Tesla Motors will open more than 30 new service centers and stores across the continent, the company announced at the Geneva Motor Show. Tesla will also continue rapidly expanding its Supercharger network, allowing Model S drivers to travel long distances across Europe for free.

The retail, service, and Supercharger expansions come as Tesla dials up its commitment to Europe, which continues to be a priority market for the company.

In 2013, Tesla delivered 22,477 vehicles to customers worldwide. By the end of 2014, Tesla expects combined sales in Europe and Asia to be almost twice as high as sales in North America. (Earlier post.)

Part of that projected growth will come from the UK, where right hand drive versions of the Model S will soon be introduced. Competitive leasing and financing options, similar to a program the company recently launched in Germany with rental company Sixt, are also expected to drive growth on the continent.



How long can Tesla supply free quick recharges? Can on-going recharge cost be fully included into initial purchase price? Can charging stations be equipped with enough solar panels to generate most of the energy required?

Alternatively, could charge stations be equipped with enough (used) storage batteries to benefit from low overnight rates?


The average Tesla owner will probably only use the supercharger 100 times during the 16 years of the life of the vehicle. The rest is home charging or flying. These 100 times will cost Tesla 60kwh*100*0.1 USD or 600 USD. Also with 150 miles apart Tesla only need about 250 stations in North America, 120 stations in Europe and 250 stations in Asia to cover it all. That is 620 stations costing 0.3 million USD a peace or about 200 million USD. Split that on 100k Model S and you get 2000 USD per vehicle. So you see this is very doable.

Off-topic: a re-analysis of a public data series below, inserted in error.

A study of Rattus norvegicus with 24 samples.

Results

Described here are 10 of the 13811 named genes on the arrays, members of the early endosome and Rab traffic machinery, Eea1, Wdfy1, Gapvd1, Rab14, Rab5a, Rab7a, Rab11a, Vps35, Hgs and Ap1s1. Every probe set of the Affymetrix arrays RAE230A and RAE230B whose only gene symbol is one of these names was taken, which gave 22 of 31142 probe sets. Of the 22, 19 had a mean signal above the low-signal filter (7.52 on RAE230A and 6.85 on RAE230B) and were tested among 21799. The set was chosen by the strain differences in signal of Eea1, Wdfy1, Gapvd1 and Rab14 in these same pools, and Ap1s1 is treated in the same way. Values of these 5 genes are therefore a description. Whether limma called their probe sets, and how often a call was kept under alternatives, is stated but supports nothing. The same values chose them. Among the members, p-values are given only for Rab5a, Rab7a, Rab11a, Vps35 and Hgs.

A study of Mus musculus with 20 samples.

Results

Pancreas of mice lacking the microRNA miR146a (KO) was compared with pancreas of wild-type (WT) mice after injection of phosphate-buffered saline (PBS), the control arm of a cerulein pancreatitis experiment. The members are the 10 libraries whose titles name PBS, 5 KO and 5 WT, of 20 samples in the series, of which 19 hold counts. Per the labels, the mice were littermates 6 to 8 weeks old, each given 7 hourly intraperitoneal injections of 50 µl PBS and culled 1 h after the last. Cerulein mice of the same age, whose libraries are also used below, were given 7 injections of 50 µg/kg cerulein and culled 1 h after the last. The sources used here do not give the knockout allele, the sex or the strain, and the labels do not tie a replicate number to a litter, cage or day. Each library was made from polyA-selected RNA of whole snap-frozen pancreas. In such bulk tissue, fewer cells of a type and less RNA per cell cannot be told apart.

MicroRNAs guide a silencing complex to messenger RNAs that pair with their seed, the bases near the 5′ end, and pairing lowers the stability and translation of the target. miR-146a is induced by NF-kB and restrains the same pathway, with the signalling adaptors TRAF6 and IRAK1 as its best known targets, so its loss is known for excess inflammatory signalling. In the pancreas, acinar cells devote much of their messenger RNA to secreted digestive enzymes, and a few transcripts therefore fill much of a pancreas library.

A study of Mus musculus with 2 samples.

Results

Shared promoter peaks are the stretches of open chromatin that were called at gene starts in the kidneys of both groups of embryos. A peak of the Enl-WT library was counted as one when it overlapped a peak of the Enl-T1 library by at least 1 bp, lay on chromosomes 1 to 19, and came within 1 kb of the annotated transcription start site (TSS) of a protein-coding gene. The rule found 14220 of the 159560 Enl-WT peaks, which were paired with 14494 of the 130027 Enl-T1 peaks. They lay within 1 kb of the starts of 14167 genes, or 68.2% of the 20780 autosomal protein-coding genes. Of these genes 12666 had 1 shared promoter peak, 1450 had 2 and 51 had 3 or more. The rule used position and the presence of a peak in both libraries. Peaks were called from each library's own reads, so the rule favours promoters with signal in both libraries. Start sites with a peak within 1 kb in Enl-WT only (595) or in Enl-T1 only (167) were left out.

Even people living close to a supercharger station will not drive there to use it in order to spend 30 minutes to get 6 USD worth of free electricity as that does not make sense even on a minimum wage which Tesla owners are not subject to. You only use it if it is absolutely necessary to do what you have to do. The supercharger network has real practical value but its marketing value is more important because it sounds truly incredibly good with free long distance driving for life. No such offer will ever be possible for gassers or the phantom fuel cell vehicles.


Henrik, if Tesla can build so many quick charge stations in USA, EU and Asia and give away e-energy to all its customers, why so many posters still claim that the richer country on Earth cannot afford to build quick charge stations let alone give away the e-energy?

Is one small single starter company is going to do what many rich countries cannot collectively do.

The same may happen with near future H2 stations and H2 production for FCEVs?